Society of the United Scotsmen


Society of the United Scotsmen
Historic LeaderThomas Muir
Preceded bySociety of the Friends of the People
Political positionLeft-wing
International affiliationAmerican Revolutionary politics, French Revolutionary Politics

Societies of United Scotsmen had existed from the early 1790s, but it was only upon a delegation of United Irishmen arriving in Scotland to muster support for their cause that the United Scotsmen became more organised and more overtly revolutionary. The United Scotsmen were particularly adept at gaining support from the working classes of Scotland who stood to gain by becoming politically enfranchised, as the Society sought.

The aim of the Society was universal suffrage and annually elected parliaments, with a strong streak of republicanism running through it as well. By the mid-1790s the society had around 3,000 members, which was then more than the entire electorate of Scotland. This membership continued to grow rapidly beyond that level.

Owing to its aims and activities the United Scotsmen had to remain a secret society, and organised themselves into cells of no more than 16 people which would send delegates to larger bodies on occasion. This way it meant the organisation was more difficult to penetrate, but it also meant that many members did not know other members of the organisation.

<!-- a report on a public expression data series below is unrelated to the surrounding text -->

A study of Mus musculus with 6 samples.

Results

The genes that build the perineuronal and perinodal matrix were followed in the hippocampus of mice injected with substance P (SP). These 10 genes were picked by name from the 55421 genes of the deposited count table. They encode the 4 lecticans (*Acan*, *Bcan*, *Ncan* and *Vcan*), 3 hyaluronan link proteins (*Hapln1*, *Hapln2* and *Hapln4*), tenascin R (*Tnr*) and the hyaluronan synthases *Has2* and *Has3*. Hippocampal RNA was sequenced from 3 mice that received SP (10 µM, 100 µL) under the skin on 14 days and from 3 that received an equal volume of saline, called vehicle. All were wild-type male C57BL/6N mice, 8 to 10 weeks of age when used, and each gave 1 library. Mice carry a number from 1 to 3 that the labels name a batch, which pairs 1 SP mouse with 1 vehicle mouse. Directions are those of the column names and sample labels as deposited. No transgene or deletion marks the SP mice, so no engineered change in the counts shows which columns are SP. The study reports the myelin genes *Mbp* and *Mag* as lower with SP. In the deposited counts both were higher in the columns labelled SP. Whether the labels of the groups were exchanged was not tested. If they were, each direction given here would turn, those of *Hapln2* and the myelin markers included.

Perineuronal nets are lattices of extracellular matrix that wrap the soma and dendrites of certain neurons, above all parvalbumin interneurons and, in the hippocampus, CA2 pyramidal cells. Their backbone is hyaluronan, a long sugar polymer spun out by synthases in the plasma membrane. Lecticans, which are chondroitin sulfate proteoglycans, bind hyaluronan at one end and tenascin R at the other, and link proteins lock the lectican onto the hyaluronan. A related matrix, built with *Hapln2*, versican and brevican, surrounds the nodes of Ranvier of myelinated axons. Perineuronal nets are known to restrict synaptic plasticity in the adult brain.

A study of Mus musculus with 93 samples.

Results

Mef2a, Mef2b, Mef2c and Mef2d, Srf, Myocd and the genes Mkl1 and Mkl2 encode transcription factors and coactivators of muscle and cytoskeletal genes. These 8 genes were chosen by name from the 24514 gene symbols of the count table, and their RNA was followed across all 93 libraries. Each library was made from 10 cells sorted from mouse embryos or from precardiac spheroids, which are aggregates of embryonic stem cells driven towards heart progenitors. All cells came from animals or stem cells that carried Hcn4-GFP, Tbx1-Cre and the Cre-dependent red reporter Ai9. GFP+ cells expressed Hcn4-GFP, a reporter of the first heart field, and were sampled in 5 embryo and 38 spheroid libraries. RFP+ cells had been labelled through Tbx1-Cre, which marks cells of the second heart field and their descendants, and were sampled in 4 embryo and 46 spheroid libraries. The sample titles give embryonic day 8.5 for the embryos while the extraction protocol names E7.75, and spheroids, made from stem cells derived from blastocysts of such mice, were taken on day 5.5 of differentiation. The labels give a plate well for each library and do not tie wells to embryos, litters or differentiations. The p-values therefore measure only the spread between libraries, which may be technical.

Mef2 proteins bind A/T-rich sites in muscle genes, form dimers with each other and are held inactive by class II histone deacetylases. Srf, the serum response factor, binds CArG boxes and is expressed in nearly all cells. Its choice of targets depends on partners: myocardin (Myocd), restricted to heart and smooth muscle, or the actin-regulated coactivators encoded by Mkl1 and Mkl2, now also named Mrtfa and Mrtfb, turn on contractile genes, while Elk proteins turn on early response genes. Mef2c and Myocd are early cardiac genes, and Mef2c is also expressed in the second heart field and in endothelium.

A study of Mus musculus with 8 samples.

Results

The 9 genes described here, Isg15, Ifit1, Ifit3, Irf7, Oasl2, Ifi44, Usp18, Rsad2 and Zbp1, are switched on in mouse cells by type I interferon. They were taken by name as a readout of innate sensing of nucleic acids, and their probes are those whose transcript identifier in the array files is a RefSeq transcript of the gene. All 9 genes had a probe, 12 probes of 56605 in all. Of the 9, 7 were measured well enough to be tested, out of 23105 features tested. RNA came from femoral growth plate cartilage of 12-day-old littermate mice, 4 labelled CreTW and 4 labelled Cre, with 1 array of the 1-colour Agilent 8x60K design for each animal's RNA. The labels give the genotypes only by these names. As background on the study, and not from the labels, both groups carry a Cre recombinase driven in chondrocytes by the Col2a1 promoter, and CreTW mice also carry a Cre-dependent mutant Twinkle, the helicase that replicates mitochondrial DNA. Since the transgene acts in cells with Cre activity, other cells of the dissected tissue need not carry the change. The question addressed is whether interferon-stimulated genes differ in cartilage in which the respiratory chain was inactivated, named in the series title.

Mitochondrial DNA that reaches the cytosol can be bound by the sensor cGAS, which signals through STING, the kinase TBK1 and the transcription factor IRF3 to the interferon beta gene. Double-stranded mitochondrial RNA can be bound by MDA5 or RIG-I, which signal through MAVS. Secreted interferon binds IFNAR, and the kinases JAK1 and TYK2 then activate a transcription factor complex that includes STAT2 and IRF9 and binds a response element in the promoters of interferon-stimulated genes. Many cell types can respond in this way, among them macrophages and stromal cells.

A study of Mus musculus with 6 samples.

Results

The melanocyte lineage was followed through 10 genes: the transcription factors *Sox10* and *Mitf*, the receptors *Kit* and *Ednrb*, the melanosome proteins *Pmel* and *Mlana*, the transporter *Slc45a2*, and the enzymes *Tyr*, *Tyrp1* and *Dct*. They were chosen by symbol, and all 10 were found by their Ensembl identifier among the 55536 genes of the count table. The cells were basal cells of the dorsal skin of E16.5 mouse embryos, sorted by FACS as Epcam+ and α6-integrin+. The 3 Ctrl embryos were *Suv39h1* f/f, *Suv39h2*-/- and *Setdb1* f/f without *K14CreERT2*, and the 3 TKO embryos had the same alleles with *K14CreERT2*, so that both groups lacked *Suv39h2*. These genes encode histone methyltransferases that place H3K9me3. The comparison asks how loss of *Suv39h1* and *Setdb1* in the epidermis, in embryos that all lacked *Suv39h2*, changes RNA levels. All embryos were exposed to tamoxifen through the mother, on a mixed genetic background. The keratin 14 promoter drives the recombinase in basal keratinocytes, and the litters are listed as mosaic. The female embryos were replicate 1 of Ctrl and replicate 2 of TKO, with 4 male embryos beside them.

The society was further boosted when the Parliament passed the Militia Act 1797 which allowed for the conscription of young men into the army. This proved vastly unpopular with many ordinary Scots, and in August 1797 there were large protests across the country [1] which were brutally suppressed, with many protesters killed (e.g. Massacre of Tranent).

The United Scotsmen hoped to get support from the Dutch as well as the French, and there were plans for the Dutch to land in Scotland with some 50,000 troops and to take over the Scottish Central Belt. However the Royal Navy intercepted a Dutch fleet and defeated them at the Battle of Camperdown in October 1797. Further hopes for French assistance were ruined when a French fleet was dispatched to England in the hope of encouraging English radicals (there was also a Society of the United Englishmen) to rise against His Majesty's Government. However radical activity was not as entrenched there as in Scotland, or Ireland in particular. If they had dispatched the fleet to either of these countries then they may have met with more success.

The United Scotsmen still organised a rebellion against the government in 1797, but despite initial successes for the insurrectionists, government troops quickly drafted in from England soon quelled the rebellion. The United Scotsmen's aims in the rebellion were to establish a new Provisional Government with Thomas Muir as President.

Various leaders of the United Scotsmen were arrested and tried. For example, George Mealmaker was sentenced to 14 years transportation. Other leaders such as Robert Jaffrey, David Black, James Paterson and William Maxwell were all found guilty of seditious activity. The last record of a United Scotsmen member having been tried before the courts was the trial in 1802 of Thomas Wilson. The United Scotsmen were (along with the United Irishmen) pronounced an illegal organisation and legal measures tightened up control of the press as well to halt radical activity.

However, the radical activity continued in Scotland and in 1820 there was another radical rising (one of whose leaders, James Wilson, had been a member of the United Scotsmen).


  1. ^ Lynch, Michael (1992). Scotland: A New History. Pimlico. pp. 390. ISBN 0-7126-9893-0.